Agencies have consistently paid heavily for the high level of churn among clients. Too many here today, gone tomorrow marketing directors have swept in like hurricanes, turned things upside down to little effect and moved on to wreak havoc elsewhere. Such is the nature of the business that some of these poseurs were able to chase headlines rather than sales for too long before they were rumbled.
But if most people agree on what makes a client from hell, is there also a common thread linking the best clients? The feature (page 24) profiling clients who buy great work suggests there are some common denominators.
For a start, all exude the confidence that comes with occupying high-level roles for long periods and possess extensive knowledge of their sectors. Not only do they know instinctively what will and what will not work, but they are comfortable enough in their positions to be brave and to encourage their agencies to be likewise. Unlike many junior marketers, they do not use research like a drunk uses a lamp-post - for support rather than enlightenment.
Just as Anthony Simonds-Gooding, the ex-Whitbread marketing chief, bought Heineken's "refreshes the parts" campaign when all the research suggested to do so was madness, so his modern equivalents also trust their intuition.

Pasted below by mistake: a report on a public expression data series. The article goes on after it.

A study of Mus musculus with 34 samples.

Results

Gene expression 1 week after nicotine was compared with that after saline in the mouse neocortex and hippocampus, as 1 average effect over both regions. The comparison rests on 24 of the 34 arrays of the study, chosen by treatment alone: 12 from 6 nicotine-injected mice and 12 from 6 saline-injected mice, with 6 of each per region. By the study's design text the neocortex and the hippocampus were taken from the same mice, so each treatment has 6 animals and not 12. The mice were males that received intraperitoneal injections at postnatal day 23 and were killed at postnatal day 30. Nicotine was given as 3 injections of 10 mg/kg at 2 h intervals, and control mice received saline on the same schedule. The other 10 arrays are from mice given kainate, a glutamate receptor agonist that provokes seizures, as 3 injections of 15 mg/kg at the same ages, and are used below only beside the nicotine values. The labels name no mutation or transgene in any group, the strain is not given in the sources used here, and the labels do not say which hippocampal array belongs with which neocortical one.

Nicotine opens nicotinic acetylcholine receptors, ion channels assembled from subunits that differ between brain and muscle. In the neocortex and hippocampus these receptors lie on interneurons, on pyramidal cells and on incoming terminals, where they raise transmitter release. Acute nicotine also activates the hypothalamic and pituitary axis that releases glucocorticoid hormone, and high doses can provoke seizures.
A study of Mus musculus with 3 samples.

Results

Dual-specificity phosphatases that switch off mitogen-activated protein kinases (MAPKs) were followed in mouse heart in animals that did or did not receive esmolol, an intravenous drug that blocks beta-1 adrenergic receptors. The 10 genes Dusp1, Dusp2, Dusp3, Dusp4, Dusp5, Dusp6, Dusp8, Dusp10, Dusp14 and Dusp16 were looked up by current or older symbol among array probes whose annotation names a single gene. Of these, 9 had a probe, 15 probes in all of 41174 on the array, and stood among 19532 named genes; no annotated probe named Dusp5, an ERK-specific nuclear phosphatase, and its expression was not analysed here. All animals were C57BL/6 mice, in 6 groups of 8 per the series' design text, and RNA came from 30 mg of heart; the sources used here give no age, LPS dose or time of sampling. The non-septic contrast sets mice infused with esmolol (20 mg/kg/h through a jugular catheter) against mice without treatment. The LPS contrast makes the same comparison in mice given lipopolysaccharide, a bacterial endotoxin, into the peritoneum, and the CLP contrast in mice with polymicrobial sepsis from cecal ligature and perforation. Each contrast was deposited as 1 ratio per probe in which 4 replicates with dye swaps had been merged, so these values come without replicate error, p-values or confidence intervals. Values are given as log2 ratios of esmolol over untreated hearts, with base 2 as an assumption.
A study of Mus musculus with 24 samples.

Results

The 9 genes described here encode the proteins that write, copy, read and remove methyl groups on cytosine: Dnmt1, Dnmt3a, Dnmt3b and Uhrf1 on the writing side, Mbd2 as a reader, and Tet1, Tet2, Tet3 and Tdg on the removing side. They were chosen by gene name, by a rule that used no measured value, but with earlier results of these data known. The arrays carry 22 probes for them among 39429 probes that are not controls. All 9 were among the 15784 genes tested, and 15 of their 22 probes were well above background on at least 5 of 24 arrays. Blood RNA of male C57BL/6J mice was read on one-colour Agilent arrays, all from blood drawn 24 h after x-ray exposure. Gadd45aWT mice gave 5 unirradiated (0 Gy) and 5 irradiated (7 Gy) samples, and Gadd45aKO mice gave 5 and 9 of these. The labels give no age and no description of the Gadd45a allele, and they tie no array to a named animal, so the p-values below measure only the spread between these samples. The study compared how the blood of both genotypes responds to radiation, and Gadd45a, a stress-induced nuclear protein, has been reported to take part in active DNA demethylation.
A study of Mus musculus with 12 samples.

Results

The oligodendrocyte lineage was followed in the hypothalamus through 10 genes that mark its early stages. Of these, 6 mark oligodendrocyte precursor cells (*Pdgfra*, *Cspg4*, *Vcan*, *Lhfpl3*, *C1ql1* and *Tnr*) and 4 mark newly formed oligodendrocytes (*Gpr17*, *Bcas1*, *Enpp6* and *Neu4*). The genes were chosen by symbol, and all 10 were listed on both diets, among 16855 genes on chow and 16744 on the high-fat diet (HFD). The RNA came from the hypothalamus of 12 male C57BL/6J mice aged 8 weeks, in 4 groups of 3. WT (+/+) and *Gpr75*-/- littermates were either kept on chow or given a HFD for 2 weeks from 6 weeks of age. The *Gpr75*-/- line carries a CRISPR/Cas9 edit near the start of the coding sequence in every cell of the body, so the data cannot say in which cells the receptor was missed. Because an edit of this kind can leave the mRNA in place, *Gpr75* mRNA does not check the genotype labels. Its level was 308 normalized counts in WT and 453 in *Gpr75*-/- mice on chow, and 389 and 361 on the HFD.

What's more, none try to behave like admen manque. All are enthusiastic about the creative process, understand how vital it is to their business, and retain a close involvement in the development of their advertising.
Of course, there's a fine line between close involvement and meddling.
The best clients know when to step back and give the creatives their head and when to push them to be more bold.
At a time when the real power has been swinging towards the client procurement specialists and a risk-averse culture prevails, agencies are looking as never before for clients who are as inspirational as they are supportive.